You might not immediately notice the latest change to come to GitHub unless you’re standing in its San Francisco headquarters and looking down at the floor. GitHub has removed the centerpiece of its faux Oval Office waiting room, a circular mat emblazoned with the phrase, “United Meritocracy of GitHub.”
We thought ‘meritocracy’ was a neat way to think of open source but now see the problems with it. Words matter. We’re getting a new rug.
— Chris Wanstrath (@defunkt) January 22, 2014
GitHub CEO Chris Wanstrath, who just stepped into his new role a few days ago, probably didn’t expect his first action to involve furnishings. But while a simple change in office decor may not seem like a big deal on the surface, the removal of the rug signals a shift in GitHub’s public image.
GitHub’s Julie Ann Horvath, a designer who also founded the company’s all-female lecture series Passion Projects, said the rug first became a problem when photos of it made their way into feminist discussions online.
In theory, a meritocracy should be a good thing. It basically boils down to a society in which people reap the rewards of their skill and effort. But as countless advocates for women and minorities in the tech world have pointed out, meritocracies are a lot messier in real life. The tech industry isn’t still predominantly white and male because white men are better at their jobs than everyone else, it’s because many white men have had more opportunities to succeed than their minority and female counterparts.
The false idea that the tech industry is a meritocracy hurts everyone. It allows Paul Graham to continue thinking that the founders who make it into Y Combinator are the best of the best, not just the best people with the most privileges. It also furthers a culture of entrepreneur worship.
Technology may be more meritocratic than many other industries, but not to the extent that you can attribute anyone’s success solely to their own smarts and hard work. Opportunities, connections and socioeconomic status still matter. So do race and gender.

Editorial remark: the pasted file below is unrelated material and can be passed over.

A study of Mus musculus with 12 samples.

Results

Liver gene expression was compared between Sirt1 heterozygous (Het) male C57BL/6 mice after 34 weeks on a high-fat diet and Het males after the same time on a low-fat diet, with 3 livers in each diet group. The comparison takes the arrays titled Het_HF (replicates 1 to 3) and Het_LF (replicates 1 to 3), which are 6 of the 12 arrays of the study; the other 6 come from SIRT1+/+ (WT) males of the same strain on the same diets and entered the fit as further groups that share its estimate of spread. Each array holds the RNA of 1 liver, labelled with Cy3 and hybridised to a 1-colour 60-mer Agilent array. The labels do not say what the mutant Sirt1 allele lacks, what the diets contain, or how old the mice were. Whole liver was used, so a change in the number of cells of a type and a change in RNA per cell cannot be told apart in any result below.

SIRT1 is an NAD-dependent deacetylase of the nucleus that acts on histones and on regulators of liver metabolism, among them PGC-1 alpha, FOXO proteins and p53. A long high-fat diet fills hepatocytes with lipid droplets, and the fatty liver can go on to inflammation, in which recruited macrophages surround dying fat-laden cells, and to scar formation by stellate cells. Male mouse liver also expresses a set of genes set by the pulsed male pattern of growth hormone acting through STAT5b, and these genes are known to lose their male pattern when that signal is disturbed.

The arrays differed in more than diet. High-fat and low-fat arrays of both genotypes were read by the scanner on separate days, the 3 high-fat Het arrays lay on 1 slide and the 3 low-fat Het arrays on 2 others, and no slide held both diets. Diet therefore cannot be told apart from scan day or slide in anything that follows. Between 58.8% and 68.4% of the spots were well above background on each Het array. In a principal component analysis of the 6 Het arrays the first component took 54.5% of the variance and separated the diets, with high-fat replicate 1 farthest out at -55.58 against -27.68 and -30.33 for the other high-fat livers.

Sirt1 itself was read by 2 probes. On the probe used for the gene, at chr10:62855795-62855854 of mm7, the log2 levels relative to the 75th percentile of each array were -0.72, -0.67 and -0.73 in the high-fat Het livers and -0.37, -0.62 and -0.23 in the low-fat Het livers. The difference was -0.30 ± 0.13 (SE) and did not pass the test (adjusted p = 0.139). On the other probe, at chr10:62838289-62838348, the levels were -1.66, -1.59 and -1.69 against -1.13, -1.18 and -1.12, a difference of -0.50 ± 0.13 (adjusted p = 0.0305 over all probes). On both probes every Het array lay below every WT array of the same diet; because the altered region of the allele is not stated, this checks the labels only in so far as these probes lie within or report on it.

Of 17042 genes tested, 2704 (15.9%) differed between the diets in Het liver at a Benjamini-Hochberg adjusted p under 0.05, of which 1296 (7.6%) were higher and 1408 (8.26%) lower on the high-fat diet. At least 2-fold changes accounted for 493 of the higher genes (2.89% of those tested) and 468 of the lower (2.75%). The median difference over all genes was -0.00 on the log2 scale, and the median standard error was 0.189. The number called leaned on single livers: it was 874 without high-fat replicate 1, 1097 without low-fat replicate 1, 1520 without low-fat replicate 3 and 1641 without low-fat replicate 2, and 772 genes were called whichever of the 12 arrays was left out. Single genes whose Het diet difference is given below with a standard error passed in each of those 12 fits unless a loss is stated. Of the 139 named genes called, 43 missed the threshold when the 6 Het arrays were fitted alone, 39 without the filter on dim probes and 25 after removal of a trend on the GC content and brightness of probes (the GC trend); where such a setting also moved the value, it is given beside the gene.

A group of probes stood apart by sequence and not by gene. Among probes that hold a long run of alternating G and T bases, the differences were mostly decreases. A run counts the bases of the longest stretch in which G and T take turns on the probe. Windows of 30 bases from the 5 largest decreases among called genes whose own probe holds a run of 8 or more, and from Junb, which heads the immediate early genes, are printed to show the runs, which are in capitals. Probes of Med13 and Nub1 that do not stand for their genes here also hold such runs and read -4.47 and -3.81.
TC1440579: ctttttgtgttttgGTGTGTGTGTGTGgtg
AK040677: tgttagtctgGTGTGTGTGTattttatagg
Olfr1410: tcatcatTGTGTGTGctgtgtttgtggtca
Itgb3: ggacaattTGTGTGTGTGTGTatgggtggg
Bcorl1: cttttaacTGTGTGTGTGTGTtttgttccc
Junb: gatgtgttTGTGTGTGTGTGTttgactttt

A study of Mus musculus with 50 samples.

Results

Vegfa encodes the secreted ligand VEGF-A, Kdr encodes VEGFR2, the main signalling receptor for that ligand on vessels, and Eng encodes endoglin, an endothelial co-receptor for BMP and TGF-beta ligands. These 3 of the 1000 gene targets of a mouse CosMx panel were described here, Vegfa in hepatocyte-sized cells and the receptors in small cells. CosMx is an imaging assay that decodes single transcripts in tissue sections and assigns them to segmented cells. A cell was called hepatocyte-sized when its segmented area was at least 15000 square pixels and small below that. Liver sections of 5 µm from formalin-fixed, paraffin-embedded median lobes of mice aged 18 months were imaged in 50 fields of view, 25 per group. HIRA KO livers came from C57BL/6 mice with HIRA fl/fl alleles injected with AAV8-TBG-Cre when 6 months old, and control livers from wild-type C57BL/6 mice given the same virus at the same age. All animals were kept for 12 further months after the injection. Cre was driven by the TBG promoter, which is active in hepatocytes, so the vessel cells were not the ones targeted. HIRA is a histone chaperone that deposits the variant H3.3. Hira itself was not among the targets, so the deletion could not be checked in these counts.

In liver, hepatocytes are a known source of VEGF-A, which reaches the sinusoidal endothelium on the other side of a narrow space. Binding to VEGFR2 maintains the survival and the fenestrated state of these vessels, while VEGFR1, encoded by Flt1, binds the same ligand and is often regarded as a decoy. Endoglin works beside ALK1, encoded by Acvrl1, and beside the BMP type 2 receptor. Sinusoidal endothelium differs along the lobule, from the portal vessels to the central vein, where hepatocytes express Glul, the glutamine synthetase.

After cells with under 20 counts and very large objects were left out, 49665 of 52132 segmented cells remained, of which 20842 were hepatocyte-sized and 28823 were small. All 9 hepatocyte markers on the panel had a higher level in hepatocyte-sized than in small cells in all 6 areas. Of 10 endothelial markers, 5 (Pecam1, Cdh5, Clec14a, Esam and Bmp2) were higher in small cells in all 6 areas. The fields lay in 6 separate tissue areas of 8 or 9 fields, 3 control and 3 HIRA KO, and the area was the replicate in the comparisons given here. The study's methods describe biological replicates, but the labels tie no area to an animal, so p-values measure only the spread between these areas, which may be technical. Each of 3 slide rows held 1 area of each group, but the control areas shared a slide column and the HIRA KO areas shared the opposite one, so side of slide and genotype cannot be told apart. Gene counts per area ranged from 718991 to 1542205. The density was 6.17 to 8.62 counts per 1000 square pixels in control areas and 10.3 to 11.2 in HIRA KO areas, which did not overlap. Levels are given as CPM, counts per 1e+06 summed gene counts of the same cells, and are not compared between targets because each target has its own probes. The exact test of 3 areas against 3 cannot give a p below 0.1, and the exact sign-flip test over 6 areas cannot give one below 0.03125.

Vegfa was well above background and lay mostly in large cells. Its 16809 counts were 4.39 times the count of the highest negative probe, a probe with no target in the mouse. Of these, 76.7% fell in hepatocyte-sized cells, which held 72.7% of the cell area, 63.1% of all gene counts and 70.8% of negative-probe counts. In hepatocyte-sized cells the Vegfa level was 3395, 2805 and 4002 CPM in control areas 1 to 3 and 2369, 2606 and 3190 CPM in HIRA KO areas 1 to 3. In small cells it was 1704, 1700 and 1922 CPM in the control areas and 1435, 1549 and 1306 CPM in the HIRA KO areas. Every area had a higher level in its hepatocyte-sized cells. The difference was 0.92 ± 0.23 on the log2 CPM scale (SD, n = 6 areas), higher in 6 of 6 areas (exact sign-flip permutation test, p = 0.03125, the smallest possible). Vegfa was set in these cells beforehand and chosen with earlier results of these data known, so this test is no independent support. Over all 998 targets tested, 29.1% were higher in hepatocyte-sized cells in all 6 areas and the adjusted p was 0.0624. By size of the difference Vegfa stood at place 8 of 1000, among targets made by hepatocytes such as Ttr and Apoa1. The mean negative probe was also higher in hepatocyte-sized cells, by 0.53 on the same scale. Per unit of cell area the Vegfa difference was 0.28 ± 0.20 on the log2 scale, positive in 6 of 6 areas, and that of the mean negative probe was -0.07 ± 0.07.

GitHub aspires to be a meritocracy, which explains the founders’ wording on the rug. But even though the company has made strides in hiring diversity, thanks in part to Passion Projects, it’s got farther to go. Feminists like Horvath worried that the word “meritocracy” glossed over the struggles of minorities trying to join the tech community.
The rug that once sat in GitHub’s faux oval office.
Horvath said that at first, the founders were hesitant to remove the rug because they didn’t want to appear to be giving in to the demands of online bullies. But Horvath and other women at GitHub began to feel as if they were “bearing the brunt” of the rug’s message as well as “being excluded from other communities as a result.”
One employee, Horvath says, thought she was rejected for membership in Double Union, a feminist hackerspace, because of the rug. Double Union did parody the rug on its crowdfunding page, but denied that it would reject a possible member because of the rug.
“We may not be perfect here at GitHub, especially in the eyes of the feminist community, but it should never mean that our voices and opinions as women in tech should be ignored or devalued,” said Horvath. “We listen to one another and are working to make tech a better place for everyone. We saw a problem. We fixed it. We’re moving forward and we’re asking the community to move forward with us.”
There are no plans to auction off the old rug, but the new one has already been ordered.
Its new slogan: “In collaboration we trust.”